By Justin Sink - 02/18/12 03:23 PM EST
The White House and Hollywood studios are heralding a new trade agreement with China that gives the United States the chance to increase the number of films exported to the country and substantially increases American studios’ cut of Chinese box-office revenue.
“This agreement with China will make it easier than ever before for U.S. studios and independent filmmakers to reach the fast-growing Chinese audience, supporting thousands of American jobs in and around the film industry,” said Vice President Biden. “At the same time, Chinese audiences will have access to more of the finest films made anywhere in the world.”
Biden spent Friday in Los Angeles with Chinese Vice President Xi Jinping.
The five-year agreement allows the exportation of 14 more films to the country annually, with a focus on 3D and IMAX movies that carry higher ticket prices — and are best viewed in theaters, rather than on DVDs that can be easily bootlegged. Under the pact, American film companies can distribute the films privately, rather than through a state-run association, significantly increasing their cut of ticket revenues.
Entertainment executives maintained that the SOPA and PIPA bills were necessary to fight online trafficking of movies, television shows and music, but technology companies fretted that provisions of the bill were too draconian. After online protests from major websites including Wikipedia and Reddit, Congress abandoned the legislation.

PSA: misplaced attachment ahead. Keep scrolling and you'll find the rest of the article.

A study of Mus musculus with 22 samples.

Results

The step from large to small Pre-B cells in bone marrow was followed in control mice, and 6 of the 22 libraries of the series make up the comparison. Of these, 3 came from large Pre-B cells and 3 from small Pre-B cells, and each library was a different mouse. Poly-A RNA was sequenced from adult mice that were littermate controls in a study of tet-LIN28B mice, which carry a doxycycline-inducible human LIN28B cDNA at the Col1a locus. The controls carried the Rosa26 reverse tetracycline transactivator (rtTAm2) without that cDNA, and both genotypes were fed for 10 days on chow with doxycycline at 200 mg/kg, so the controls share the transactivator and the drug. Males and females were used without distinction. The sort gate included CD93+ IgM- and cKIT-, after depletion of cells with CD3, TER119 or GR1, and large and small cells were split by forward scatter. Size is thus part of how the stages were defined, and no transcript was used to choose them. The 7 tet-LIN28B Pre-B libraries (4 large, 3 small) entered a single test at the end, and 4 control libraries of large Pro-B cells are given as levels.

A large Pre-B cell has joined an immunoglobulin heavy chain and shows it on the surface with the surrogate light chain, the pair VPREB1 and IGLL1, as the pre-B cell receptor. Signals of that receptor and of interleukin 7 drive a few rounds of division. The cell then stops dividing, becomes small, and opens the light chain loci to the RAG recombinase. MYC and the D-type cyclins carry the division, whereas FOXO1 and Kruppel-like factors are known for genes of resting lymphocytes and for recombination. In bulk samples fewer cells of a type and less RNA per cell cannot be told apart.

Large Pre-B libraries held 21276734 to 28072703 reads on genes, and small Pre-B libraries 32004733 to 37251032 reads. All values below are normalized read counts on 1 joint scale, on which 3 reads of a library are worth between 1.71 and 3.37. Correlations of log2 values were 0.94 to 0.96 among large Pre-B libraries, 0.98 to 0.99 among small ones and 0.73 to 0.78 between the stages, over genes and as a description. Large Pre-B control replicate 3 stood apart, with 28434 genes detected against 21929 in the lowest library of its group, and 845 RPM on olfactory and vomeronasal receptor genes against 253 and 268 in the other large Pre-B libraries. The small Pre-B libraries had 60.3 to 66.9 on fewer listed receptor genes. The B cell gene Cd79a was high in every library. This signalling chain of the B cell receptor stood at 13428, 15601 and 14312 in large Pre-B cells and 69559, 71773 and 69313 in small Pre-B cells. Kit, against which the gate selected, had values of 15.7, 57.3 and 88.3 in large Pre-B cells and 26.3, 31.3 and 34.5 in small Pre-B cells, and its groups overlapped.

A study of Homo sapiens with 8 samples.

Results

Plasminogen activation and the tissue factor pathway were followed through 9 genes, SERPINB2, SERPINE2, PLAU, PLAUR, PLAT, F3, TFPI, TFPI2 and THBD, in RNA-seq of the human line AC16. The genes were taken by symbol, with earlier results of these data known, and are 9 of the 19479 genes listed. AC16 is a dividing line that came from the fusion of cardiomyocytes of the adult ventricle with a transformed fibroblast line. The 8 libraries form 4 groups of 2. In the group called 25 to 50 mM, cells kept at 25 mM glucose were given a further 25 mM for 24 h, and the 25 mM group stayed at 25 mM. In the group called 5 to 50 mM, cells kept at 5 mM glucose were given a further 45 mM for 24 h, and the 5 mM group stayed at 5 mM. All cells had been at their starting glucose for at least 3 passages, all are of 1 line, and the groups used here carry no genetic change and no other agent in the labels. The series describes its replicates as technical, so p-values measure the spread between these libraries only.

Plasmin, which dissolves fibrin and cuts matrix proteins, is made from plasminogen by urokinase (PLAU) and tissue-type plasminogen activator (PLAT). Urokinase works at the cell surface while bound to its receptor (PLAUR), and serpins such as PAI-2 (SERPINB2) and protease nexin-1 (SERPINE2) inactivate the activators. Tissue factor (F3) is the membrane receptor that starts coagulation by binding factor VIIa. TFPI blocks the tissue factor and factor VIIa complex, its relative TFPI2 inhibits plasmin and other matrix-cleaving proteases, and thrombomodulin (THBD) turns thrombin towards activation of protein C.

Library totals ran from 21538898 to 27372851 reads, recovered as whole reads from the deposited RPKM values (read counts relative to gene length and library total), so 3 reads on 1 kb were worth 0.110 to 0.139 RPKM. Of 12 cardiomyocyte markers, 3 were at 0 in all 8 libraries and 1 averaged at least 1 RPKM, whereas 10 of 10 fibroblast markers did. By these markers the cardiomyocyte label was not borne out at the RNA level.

But the new trade pact should help Hollywood increase its footprint in one of the fastest-growing film markets.
“U.S. studios and independent filmmakers cite China as one of their most important world markets, but barriers imposed by China and challenged by the United States in the WTO have artificially reduced the revenue U.S. film producers received from their movies in the Chinese market,” said United States Trade Representative Ron Kirk. “This agreement will help to change that, boosting one of America’s strongest export sectors in one of our largest export markets.”
The United States has agreed to pull an existing complaint with the World Trade Organization as part of the agreement. American officials had maintained that the previous Chinese policy was in violation of international trade rules.
The Motion Picture Association of America — the Hollywood studios’ trade association — applauded the agreement in a news release Saturday.
“This is a major step forward in spurring the growth of U.S. exports to China,” the MPAA said. “It has long been a top priority for the MPAA, and it is tremendous news for the millions of American workers and businesses whose jobs depend on the entertainment industry.”
The studios emphasized that the agreement should help the fight against movie piracy.
“By promoting the growth of a legitimate marketplace for U.S. movies in China, this agreement will also complement efforts to fight movie piracy and help protect the jobs of workers in both countries, whose livelihoods are dependent on a healthy entertainment industry,” the MPAA said.